New York University’s Creative Writing Program will open its Fall Reading Series by hosting six emerging women writers, recipients of the 2006 Rona Jaffe Foundation Writers’ Awards, who will read from their works on Friday, September 15 at 7 p.m. The event, which is free and open to the public, will take place at NYU’s Glucksman Ireland House, One Washington Mews (at Fifth Avenue). For further information the public may call 212.998.8816.
The women writers featured in this event are:
Rivka Galchen (fiction) of New York City has just completed her M.F.A. at Columbia University. She received her M.D. from Mt. Sinai School of Medicine in 2003 with a focus on psychiatry. Interested in the intersection of literature and cognitive science, she is currently working on an intricate first novel, Open Letter to the Royal Academy of Meteorology, about a psychiatrist who is convinced that his young Argentinean wife has been replaced with an exact look-alike.
Ellen Litman (fiction) of Somerville, Massachusetts, will have her first collection of short stories, The Last Chicken in America, published by W.W. Norton in 2007. She immigrated to the U.S. from Moscow at 19 and has a B.S. from the University of Pittsburgh and an M.F.A. from Syracuse University. Her stories have appeared in Tin House, Triquarterly, and Best New American Voices 2007. She is currently working on a coming-of-age novel set in Russia during the Gorbachev years and perestroika.
Melissa Range (poetry) of Decatur, Georgia, has a B.A. from The University of Tennessee, an M.F.A. from Old Dominion, and an M.T.S. from Candler School of Theology at Emory University. Her poems have appeared in The Paris Review, Poetry London, and Western Humanities Review. She is working on a collection of poems entitled Scriptorium and a second collection, The Lay of Wandering Edris, a long poem about the Appalachia South.
Emily Rapp (fiction/nonfiction) of Santa Monica, California, is the author of Poster Child, to be published by Bloomsbury in January 2007. Part memoir/part travelogue, the book interweaves the story of her life as a disabled person with the year she spent abroad as a Fulbright Scholar. She is currently working on two novels, The Beekeeper’s Year and The Second City, a family saga that takes place in modern-day Northern Ireland. She holds a B.A. from Saint Olaf College, an M.F.A. from the University of Texas, and an M.A. from Harvard Divinity School. She teaches in the Graduate Writing Program of Antioch University in Los Angeles.
Rita Mae Reese (fiction/poetry) of San Francisco is currently a Stegner Fellow in fiction at Stanford University. She also has received a 2005 “Discovery “/The Nation Prize and the Martha Meier Renk Fellowship in poetry from the University of Wisconsin where she earned her M.F.A. She is working on a novel entitled Local Usage, set in West Virginia in the 1960s against the backdrop of President Johnson’s War on Poverty. She is also working on her first poetry collection, A History of Accidents.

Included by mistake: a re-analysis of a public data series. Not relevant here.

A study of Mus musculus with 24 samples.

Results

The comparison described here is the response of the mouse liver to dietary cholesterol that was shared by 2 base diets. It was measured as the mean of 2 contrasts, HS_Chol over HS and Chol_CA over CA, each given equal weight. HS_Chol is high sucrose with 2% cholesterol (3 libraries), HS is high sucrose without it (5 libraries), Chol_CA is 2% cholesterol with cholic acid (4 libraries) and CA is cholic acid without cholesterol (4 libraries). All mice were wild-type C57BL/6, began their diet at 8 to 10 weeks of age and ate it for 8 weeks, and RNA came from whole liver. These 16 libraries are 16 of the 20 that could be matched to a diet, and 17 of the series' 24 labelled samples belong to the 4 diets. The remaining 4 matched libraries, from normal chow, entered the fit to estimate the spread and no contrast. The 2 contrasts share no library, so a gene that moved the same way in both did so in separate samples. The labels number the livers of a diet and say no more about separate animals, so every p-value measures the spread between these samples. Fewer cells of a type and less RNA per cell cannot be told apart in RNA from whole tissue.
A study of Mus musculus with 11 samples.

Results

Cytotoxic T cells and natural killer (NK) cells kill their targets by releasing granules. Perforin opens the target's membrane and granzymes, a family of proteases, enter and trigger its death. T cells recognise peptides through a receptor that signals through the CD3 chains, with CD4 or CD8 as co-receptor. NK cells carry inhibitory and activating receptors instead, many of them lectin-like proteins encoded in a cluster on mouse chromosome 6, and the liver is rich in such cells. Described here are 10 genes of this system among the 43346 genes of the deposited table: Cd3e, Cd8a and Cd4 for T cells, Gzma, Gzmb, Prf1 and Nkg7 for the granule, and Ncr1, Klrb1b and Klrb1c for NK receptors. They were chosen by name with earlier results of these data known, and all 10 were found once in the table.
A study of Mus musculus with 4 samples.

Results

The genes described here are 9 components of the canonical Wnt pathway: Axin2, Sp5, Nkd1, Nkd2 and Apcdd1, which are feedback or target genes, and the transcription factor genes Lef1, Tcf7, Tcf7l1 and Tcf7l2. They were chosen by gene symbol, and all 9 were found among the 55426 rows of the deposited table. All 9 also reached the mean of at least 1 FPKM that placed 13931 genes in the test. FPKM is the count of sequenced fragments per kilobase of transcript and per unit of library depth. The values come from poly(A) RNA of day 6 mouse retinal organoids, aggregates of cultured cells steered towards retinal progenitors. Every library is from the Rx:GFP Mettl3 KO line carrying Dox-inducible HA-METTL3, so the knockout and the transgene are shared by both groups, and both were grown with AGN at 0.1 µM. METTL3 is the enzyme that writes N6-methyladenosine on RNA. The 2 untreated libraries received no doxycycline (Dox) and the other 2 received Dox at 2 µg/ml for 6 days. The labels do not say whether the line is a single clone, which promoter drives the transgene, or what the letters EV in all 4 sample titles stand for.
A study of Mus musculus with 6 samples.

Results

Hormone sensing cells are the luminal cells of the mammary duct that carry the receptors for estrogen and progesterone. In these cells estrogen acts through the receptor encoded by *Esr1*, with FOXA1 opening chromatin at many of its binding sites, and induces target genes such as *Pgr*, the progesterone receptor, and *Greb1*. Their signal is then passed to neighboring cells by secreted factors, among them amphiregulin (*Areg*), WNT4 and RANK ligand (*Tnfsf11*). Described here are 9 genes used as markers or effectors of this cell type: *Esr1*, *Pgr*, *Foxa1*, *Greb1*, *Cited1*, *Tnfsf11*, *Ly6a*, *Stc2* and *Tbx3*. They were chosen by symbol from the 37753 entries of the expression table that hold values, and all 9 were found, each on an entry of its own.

Sharifa Rhodes-Pitts (nonfiction) of New York City has a B.A. from Harvard and is a freelance writer and editor, as well as a contributing editor for Transition Magazine. Her first book of creative nonfiction, Harlem is Nowhere, will be published by Little, Brown in 2008. Recently she finished a Lannan Foundation Residency and will begin her Fulbright Scholarship in creative writing this fall.
The Rona Jaffe Foundation Writers’ Awards program was created by celebrated author Rona Jaffe (1931-2005) “to identify and support women writers of exceptional talent in the early stages of their writing careers.” Grants of $15,000 are given to writers of fiction, creative nonfiction, and poetry to make writing time available and for such specific purposes as child care, research, and related travel costs. A selection committee reviews nominations from appointed writers, editors, and scholars from across the country. (Direct applications and unsolicited nominations are not accepted by the Foundation.) The selectors and nominators serve anonymously. Now in its twelfth year, the Foundation has awarded grants to 80 women. It is the only national literary awards program dedicated to supporting women writers exclusively.
The NYU Creative Writing Program, with permanent faculty members E.L. Doctorow, Paule Marshall, Breyten Breytenbach, Philip Levine, Yusef Komunyakaa, and Sharon Olds, has distinguished itself for over three decades as a leading national center for the study of literature and writing. The Reading Series, sponsored in cooperation with the NYU Book Centers and the Fales Collection at NYU, is a vital component of the Writing Program, bringing both established and new writers to NYU. The NYU Creative Writing Program Reading Series is made possible by generous support from the Lila Acheson Wallace Theater Fund, established in The New York Community Trust by the founders of the Reader’s Digest Association.